UBS continues to work through several missteps over the past few months. Those issues have been well covered on this site and in other industry publications. With that backdrop UBS pulled off a stunner today – landing the biggest Merrill Lynch PWM team in North Carolina.
Wickham Cash Partners, as they’ve been known for decades at Merrill Lynch, claims $16.7M in annual revenue and nearly $11B in client assets. Those numbers should hold up exceptionally well at the end of the year when looking back at the biggest moves in the industry. It wouldn’t surprise us if it holds up as the biggest move in the industry all year; kudos to UBS for landing a 50 year legacy founding an advisor and team.
Per media reports:
“R. Mitchell Wickham and Gregory M. Cash joined UBS with 15 other advisors and support staff, UBS said in a press release.”
“The team, which had included founder Charles L. Wickham, Mitchell’s father, had been overseeing $10.8 billion in client assets, according to a person at UBS familiar with their practice, who also provided their production number. The elder Wickham will remain until August at Merrill, where he is participating in its book-transition program.”
“More than 80% of their assets and $6 million of their revenue came from clients of Merrill’s “money manager services” business, which provides custody and clearing for retail clients of family offices and money management firms, according to two other sources. The Wickham group began their search in May 2019 after Merrill, whose parent Bank of America is based in Charlotte, said it would close MMS, which is used by a very small number of Merrill brokers, by the end of 2020.”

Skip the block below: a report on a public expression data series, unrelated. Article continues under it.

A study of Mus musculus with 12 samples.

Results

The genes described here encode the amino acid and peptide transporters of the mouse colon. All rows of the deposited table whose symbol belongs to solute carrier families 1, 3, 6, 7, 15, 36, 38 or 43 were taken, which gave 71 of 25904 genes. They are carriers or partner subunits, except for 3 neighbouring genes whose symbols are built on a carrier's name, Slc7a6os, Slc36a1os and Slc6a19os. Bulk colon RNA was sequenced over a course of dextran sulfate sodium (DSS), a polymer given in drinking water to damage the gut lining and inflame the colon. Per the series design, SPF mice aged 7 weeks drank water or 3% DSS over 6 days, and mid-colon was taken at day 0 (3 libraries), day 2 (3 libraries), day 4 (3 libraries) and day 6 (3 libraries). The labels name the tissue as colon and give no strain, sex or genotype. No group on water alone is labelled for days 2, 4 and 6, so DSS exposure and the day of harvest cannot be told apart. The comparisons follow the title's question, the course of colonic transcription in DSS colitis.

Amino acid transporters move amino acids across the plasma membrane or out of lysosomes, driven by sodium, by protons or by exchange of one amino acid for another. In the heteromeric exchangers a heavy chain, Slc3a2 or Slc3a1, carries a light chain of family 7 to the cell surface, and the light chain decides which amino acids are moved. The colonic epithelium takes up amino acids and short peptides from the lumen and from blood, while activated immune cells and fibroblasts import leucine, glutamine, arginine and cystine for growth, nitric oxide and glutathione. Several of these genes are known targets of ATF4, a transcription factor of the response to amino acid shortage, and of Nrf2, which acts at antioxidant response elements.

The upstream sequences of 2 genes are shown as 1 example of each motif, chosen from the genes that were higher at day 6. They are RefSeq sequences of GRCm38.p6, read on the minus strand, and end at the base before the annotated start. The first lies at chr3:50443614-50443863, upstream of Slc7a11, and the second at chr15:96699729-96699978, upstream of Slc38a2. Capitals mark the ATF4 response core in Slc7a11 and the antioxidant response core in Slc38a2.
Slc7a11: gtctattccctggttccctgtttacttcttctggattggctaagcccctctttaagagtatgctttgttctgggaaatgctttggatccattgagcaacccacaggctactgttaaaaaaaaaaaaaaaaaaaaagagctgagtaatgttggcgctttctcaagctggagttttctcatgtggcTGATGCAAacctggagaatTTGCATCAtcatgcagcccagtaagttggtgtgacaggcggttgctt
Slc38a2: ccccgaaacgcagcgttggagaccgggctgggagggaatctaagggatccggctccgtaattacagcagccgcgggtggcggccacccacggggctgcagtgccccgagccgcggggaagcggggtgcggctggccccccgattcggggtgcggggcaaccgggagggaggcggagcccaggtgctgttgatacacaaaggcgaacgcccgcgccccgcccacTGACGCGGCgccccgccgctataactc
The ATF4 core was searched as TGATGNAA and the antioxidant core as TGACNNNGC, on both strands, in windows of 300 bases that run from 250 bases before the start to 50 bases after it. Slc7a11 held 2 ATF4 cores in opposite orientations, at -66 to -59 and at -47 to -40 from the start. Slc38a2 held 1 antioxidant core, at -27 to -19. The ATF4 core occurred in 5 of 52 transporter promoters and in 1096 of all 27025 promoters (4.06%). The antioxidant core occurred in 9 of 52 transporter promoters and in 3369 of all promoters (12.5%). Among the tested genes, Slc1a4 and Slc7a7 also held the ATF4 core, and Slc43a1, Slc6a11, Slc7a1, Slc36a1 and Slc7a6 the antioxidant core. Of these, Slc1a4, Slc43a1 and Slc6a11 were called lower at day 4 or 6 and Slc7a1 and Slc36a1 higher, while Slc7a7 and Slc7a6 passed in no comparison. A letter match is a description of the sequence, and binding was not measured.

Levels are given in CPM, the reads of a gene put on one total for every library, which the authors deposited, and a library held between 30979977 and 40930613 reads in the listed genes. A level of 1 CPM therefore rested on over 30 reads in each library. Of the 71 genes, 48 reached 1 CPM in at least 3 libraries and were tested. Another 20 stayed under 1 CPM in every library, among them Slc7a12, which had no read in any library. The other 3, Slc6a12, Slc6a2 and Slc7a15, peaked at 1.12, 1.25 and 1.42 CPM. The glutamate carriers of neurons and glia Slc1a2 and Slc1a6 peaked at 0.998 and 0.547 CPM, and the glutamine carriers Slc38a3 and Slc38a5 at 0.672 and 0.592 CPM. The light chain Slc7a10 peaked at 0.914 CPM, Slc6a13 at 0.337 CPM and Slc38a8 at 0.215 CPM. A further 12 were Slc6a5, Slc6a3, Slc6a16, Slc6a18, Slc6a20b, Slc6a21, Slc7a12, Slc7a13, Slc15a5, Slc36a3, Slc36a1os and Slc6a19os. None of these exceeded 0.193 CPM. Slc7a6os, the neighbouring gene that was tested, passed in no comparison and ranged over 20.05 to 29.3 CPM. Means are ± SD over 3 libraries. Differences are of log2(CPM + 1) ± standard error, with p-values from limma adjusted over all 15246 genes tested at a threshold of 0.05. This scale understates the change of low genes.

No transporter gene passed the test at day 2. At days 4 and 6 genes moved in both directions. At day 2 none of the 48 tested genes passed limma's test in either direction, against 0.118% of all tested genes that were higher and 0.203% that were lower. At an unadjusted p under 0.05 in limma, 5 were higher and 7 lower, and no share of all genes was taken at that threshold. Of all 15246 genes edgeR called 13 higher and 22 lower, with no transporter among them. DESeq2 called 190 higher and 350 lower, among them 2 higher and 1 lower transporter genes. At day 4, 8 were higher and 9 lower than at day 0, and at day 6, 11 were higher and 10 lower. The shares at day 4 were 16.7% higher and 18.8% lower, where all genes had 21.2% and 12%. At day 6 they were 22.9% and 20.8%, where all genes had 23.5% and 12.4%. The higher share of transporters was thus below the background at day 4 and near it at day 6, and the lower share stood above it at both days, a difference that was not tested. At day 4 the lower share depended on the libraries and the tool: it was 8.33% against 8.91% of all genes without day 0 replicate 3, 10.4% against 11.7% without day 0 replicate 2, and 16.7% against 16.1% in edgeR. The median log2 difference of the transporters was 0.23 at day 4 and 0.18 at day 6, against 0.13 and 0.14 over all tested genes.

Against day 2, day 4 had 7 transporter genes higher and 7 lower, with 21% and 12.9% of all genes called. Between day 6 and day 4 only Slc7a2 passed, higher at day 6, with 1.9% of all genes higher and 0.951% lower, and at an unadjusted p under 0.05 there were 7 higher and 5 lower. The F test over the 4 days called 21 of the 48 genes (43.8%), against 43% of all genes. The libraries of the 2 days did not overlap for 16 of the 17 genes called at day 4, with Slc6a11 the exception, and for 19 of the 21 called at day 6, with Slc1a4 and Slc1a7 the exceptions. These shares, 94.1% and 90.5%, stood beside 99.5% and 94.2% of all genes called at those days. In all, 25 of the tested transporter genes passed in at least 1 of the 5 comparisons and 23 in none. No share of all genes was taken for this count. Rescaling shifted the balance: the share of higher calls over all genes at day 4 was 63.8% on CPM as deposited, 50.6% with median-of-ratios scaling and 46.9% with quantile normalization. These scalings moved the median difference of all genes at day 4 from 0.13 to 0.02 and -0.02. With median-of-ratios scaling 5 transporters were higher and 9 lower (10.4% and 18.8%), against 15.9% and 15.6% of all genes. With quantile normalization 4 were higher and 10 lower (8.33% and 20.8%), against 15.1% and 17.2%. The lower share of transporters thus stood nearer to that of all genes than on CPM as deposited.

Well that seems just a bit odd? The teams founding partner is remaining at Merrill Lynch to finish off an asset transition program? To be fair, Charles is more than 80 years old, so we doubt he’s been serving clients on a full-time basis for a while. Clearly his son and partners manage the bulk of the stated assets here.
Selectively going after ‘teams of scale’ seems to be UBS’ recruiting objective in 2020. And Merrill remains ripe for the picking. Still, we expect both Merrill and UBS to be among the biggest net losers of advisors this year. Continued unrest in response to policy changes will send advisors elsewhere.
These type of headlines will be the norm this year, not the exception.